Wednesday, August 7, 2019

Marley (Clinch) and The Last Time I Saw You (Constantine)

While the first of this pair wasn't finished all that long ago (though I can't say the same for the second) I now have an extra bias in the former's favor since I have a new (half-)nephew who bears the same name as the book. While the movie rarely outshines the book, even without meeting him I can guarantee that I love the boy more than I could ever love a book. And that, my dear friends,  is saying something 
Business first - thank you to Goodreads,  the publisher, and the author for a free review copy. As always,  this review is honest and not influenced by the price...

Marley isn't dead. He's very much alive and shares the spotlight with Scrooge in this prequel/origin story. Marley is already a tad shady when he meets Scrooge who is newly arrived at the boys school. They remain connected into adulthood, building a business in which Scrooge manages the numbers...with the simple honesty of figures and arithmetic done right...and Marley brings in the money, often through nefarious means including ties to the slave trade.  They also overlap in love, with Marley interested in Scrooge's sister, Fan, and Scrooge in love w Fan's best friend

Having not read Clinch's previous work, for me the concept recalled Wicked (and a children's book about the Big Bad Wolf and his bad cold). It gives a different view of a famous character and explains how the character came to be the person we see as a villain (of sorts) in traditional telling. Here, this means Scrooge shares the spotlight even though Marley is the protagonist.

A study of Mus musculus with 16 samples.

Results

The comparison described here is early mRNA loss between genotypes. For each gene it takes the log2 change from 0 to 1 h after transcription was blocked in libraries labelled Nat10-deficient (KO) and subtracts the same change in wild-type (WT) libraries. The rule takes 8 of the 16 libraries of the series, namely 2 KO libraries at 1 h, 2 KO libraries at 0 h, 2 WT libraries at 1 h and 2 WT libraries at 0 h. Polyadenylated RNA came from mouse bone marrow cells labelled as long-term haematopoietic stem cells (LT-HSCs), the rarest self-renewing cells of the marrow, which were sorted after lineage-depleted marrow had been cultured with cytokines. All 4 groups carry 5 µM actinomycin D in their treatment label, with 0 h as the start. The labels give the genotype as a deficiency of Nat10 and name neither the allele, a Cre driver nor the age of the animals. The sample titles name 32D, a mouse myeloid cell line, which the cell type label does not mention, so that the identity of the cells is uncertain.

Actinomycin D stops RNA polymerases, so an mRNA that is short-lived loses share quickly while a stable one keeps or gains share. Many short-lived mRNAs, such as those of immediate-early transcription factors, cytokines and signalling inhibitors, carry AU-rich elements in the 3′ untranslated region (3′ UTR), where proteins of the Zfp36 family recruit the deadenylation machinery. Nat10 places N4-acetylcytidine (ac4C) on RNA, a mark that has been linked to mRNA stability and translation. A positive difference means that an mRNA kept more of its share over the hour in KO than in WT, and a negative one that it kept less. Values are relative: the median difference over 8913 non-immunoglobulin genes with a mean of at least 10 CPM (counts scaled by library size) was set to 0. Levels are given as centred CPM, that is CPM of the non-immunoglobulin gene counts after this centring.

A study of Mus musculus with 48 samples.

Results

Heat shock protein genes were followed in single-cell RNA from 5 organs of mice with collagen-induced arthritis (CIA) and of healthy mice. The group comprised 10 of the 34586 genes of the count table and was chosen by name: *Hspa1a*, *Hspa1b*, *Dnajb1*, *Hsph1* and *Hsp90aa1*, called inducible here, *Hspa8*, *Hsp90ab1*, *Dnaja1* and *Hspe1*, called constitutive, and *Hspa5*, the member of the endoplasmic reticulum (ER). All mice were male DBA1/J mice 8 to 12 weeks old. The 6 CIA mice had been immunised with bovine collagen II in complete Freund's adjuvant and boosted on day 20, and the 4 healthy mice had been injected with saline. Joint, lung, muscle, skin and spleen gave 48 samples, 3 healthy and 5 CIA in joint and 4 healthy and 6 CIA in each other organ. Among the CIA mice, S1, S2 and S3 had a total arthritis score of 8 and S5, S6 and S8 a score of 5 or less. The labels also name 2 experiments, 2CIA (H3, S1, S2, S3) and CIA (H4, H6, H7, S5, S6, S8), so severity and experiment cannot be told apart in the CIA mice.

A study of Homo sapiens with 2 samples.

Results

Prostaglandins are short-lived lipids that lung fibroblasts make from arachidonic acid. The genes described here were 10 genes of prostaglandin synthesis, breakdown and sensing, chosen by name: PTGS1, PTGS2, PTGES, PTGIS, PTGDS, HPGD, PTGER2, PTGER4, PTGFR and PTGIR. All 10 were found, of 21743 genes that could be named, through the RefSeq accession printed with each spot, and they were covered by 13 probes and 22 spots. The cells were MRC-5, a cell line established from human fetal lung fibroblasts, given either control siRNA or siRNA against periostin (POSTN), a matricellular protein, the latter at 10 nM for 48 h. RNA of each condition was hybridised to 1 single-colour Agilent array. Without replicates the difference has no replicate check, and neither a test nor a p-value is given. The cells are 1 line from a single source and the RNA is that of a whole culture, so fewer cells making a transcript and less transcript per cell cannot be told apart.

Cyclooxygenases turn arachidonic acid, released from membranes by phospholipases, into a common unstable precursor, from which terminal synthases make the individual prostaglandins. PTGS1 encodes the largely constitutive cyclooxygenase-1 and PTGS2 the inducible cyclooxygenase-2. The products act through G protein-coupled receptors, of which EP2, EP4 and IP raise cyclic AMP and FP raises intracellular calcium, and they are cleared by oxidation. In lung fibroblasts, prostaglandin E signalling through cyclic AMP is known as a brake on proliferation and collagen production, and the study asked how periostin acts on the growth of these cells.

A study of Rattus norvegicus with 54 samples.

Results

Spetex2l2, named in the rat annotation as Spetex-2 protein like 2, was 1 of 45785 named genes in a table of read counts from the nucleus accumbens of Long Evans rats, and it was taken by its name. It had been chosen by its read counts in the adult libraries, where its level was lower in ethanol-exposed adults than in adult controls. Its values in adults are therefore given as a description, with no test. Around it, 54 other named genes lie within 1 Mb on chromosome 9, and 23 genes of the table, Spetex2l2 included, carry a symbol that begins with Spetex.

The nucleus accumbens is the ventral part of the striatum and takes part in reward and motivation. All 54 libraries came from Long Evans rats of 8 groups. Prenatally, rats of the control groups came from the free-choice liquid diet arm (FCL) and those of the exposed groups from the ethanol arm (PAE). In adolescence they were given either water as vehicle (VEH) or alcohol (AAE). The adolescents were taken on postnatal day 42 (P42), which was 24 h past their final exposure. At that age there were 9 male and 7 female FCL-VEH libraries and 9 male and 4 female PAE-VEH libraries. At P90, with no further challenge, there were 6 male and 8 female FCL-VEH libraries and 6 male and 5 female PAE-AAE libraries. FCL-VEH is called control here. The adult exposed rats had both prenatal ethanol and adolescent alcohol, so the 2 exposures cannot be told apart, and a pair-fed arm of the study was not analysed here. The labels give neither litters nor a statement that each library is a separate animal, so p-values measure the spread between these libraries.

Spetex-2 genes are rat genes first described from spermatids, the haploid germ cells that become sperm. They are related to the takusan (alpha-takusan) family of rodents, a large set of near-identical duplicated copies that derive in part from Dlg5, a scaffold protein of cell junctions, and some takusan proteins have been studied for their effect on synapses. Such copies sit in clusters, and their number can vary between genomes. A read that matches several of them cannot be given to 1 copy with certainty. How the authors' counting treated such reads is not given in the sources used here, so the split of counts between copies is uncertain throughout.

This is very well written and provides something for a wide range of readers. It is a character study, it has plot points (that is, things do happen...some dramatic, some quiet), and it has a sense of time and place. Impressively, Clinch handles all of this well. It has a definite literary feel...I'd recommend reading it in your favorite quiet chair rather than on the beach or a plane so you can focus and savor the details without interruption and choose when to break rather than be at the mercy of a seatmate or frolicking children. 

A solid 4 stars. Def for a literary crowd looking for a true novel rather than a mass market book (note: I appreciate the latter too, just need the right match to a moment).

Kate seems like one of the lucky ones. A privileged upbringing.  A handsome husband, a darling daughter, and top notch career. When her mother dies suddenly and mystery text-er begins sending threatening messages, it all begins to unravel. She questions everything. Her oldest friend,  putting aside years of estrangement to come to the funeral, takes on the new of lead investigator.  Blaire takes on the role of chief investigator,  uncovering secrets in the circles of high society that run from the distant to the terrifyingly close

Well, i suppose it's meant to be terrifying.  Honestly, this just didn't do much for me. I didn't see the entire ending coming but I saw parts. And the rest...I just wasn't invested and it dragged. 

Two stars because it wasn't just wasn't, in my humble opinion,  very good. You can find a better beach book or airplane ride fodder at the supermarket. 

I did, however,  appreciate the opportunity to read a free copy from the publisher in exchange for what is quite clearly an honest review!